Sunday, October 23, 2011

Topkapi (1964)

I like very much Jules Dassin's Rififi and read that Topkapi also has good reviews, so I wanted to watch this.

Melina Mercouri (sometimes I see her looks are scary) plays Elizabeth Lipp, a beautiful thief without a single police's record. She wants a dagger once belonged to Sultan Mahmud I of the Ottoman empire, which holds 4 priceless emeralds. This dagger is stored in Museum Topkapi in Istanbul. She contacts Walter Harper (Maximilian Schell), a thief without a police record, also her former lover, to do the job for her. Walter agrees, but he wants to recruit amateurs as his crew because after the theft is done, the police will search among notorious thieves.

Walter recruits 1) Cedric Page (Robert Morley), a toy maker, to deal with the alarms 2)Giulio (Gilles Ségal), a human fly, to trade the real dagger with a fake by hanging from a rope 3)Hans Fisher (Jess Hahn), a strong man, who will hold the rope; and 4) Arthur Simpson (Peter Ustinov), a tourist cheater, who brings the car which hid a rifle to shoot the lighthouse's lamp (so the museum guards cannot see Giulio) and smoke bombs to divert the guards. Unfortunately, when bringing the car from Greece to Turkey, the rifle and smoke bombs are found by the customs and the authorities mistake the group of thieves as terrorists. They let Arthur Simpson go, but he must act as their spy.

Like any good heist movie, the heist itself must be a success. So Walter Harper and his friends splendidly succeed and the audience are satisfied to watch how the theft is done. It was a breathtaking moment, really, especially if you see it for the first time, like me. Then, as predicted, the gang are caught because there is an idiot among them: Arthur Simpson.

Fantômas (1913-1914)

The DVD set contains 5 episodes about Fantômas by director Louis Feuillade. Based on popular novels at that time by Marcel Allain and Pierre Souvestre, Fantômas is a mysterious criminal who terrorize Paris. He leads Parisian street thugs and wears various disguise. Among a few people who can recognize him are: his arch enemy Inspector Juve, a young journalist named Jerôme Fandor who works for newspaper La Capitale, and his accomplish Lady Beltham.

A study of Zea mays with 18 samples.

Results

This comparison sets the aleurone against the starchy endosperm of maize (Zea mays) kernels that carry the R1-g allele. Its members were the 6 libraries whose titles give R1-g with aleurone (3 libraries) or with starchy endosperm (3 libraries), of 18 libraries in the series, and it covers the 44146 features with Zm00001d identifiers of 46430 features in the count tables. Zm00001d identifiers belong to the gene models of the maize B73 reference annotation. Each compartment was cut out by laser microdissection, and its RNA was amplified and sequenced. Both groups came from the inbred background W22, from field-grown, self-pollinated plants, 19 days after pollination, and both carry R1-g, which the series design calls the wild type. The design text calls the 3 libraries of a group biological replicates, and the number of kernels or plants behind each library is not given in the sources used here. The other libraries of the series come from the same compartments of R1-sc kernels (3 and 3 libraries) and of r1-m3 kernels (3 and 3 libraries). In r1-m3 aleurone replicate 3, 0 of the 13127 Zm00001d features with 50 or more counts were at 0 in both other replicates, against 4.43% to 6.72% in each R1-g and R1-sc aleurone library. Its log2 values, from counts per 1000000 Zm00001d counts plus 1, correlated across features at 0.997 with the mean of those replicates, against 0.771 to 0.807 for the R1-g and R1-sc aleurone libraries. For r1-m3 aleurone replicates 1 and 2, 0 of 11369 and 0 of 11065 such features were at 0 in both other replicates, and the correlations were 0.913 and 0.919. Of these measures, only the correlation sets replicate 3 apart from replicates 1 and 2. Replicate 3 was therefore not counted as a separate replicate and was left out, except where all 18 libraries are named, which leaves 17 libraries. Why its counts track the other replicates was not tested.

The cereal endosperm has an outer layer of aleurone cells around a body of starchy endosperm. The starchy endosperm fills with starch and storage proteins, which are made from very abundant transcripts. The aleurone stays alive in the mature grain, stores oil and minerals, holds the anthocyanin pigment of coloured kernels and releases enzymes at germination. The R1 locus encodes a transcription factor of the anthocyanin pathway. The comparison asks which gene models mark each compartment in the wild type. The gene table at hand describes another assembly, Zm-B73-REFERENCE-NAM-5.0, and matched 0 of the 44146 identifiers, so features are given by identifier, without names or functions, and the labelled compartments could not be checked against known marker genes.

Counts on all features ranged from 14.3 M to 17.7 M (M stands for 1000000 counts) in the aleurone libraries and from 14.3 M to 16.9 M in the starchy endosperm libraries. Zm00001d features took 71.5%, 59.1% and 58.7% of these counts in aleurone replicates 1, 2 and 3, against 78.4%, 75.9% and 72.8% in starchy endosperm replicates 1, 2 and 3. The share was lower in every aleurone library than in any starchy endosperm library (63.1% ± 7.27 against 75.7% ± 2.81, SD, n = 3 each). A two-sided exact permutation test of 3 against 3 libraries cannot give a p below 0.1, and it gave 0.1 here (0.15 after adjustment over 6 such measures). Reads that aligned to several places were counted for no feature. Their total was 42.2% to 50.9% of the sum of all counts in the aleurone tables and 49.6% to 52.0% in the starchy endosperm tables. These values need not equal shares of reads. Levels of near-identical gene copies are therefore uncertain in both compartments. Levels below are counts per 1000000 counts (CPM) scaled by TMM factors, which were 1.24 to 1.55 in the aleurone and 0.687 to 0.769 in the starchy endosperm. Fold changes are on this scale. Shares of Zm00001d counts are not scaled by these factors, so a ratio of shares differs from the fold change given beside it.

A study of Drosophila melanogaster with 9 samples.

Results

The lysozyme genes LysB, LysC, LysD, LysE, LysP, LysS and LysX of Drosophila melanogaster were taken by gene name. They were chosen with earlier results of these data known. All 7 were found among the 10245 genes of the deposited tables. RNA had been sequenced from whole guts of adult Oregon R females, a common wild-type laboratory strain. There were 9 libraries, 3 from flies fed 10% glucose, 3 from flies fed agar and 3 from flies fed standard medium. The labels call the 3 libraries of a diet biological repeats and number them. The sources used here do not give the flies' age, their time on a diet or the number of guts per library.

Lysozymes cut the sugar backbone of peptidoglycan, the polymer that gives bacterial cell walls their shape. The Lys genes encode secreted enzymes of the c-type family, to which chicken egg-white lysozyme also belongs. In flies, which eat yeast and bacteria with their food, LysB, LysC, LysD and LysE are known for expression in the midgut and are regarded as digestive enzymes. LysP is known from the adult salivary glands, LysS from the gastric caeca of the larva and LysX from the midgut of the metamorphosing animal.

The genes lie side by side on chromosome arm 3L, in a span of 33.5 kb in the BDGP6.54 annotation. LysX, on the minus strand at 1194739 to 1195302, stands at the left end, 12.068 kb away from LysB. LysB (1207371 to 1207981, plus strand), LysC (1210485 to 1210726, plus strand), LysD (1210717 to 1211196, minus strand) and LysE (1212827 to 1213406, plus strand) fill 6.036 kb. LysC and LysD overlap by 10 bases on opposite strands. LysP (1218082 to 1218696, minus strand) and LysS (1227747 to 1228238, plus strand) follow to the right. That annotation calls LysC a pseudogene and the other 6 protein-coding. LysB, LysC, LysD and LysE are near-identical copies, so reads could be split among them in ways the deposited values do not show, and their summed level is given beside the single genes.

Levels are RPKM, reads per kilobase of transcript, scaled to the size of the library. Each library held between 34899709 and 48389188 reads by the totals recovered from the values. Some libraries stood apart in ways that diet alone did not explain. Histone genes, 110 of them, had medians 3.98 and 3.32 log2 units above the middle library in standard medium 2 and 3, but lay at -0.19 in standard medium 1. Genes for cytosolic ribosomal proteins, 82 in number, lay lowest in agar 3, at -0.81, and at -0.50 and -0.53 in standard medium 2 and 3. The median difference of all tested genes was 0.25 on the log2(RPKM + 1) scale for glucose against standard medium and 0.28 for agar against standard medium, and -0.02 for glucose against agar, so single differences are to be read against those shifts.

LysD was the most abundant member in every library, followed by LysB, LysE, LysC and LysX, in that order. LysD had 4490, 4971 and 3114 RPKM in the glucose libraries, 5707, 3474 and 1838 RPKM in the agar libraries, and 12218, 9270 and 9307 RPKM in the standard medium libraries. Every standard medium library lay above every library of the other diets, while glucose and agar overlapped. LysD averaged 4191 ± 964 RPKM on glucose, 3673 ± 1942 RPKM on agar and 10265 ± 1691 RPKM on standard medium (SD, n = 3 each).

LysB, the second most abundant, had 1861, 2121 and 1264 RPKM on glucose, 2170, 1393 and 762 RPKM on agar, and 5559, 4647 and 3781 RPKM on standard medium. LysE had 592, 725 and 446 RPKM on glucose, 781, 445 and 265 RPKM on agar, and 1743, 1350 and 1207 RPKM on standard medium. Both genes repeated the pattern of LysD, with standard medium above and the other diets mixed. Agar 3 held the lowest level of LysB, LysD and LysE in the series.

(L-R) Juve, Fantômas, and Fandor

This series, although they are silent, I found them captivating. I guess crime stories are always cruel and merciless, it's not important when they are done. If you think criminals in 1913-1914 were not as mean and as clever as they are now, you are wrong. The plots are very good. In every episode, Fantômas does a series of nasty crimes (and he doesn't hesitate to murder), then the police try to catch him, but he always be able to escape.

I really like the stories and hoped that they were made in later date so that they had sound and more dialogues. The other versions I have seen are the ones with Jean Marais and Louis de Funès, but they are more like comedy than thriller and has been influence by James Bond movies.

Last episode in the silent series, Le Faux Magistrat, tells how Fantômas is jailed in Belgium for a murder. Inspector Juve goes there and replaces his place in jail so that Fantômas returns to France and Juve will be able to catch him in the end. I know Inspector Juve has an obsession to catch Fantômas, but I think he goes to far and that he better lets Fantômas rot in Belgium's jail. As always, Fantômas can escape from the police who tails him and he returns to France safely and commits another big crimes.

Cracker (1993-1996)

The DVD box-set of Cracker contains 11 episodes. Its main character is a psychologist named Edward Fitzgerald, or used to be called 'Fitz', played by Robbie Coltrane. Fitz likes to gamble, drinks a lot and smokes a lot. His relationship with his wife Judith (played by Barbara Flynn) is not good. In most episodes, they live separately: Fitz with their son Mark, and Judith with their daughter Katie. In the first episode, Fitz is introduced to DCI Bilborough (played by Christopher Eccleston) by the victim's family to help him with a murder case and since then, he seems to prefer with the police than with his family. Fitz even has a romance affair with DS Jane Penhaligon (played by Geraldine Somerville), who is younger and more beautiful than Judith.

I think the first episode 'The Mad Woman in the Attic' is the best of the series. This is the only episode where we can guess if the prime suspect is really the killer or not. He suffers amnesia and says that he cannot remember, but is he telling the truth or is he pretending? The writing and acting are brilliant, which lead the audience into doubt like the police in the film also experience. It reminds me to the first episode of Prime Suspect (Did George Marlow do it or not?) and first episode of Touching Evil (They don't have enough proof to charge Professor Hinks).

In the rest of the episodes (2 - 11), we can see the culprit(s) even before the crime is executed. So it's more about what and why. I myself like detective shows which, not only explains what and why, we can guess who is the killer.

Christopher Eccleston's character dies in episode 4 and what a pity because he is one of my favourite actors. Here in Cracker, he was still young and not as thin as he is now.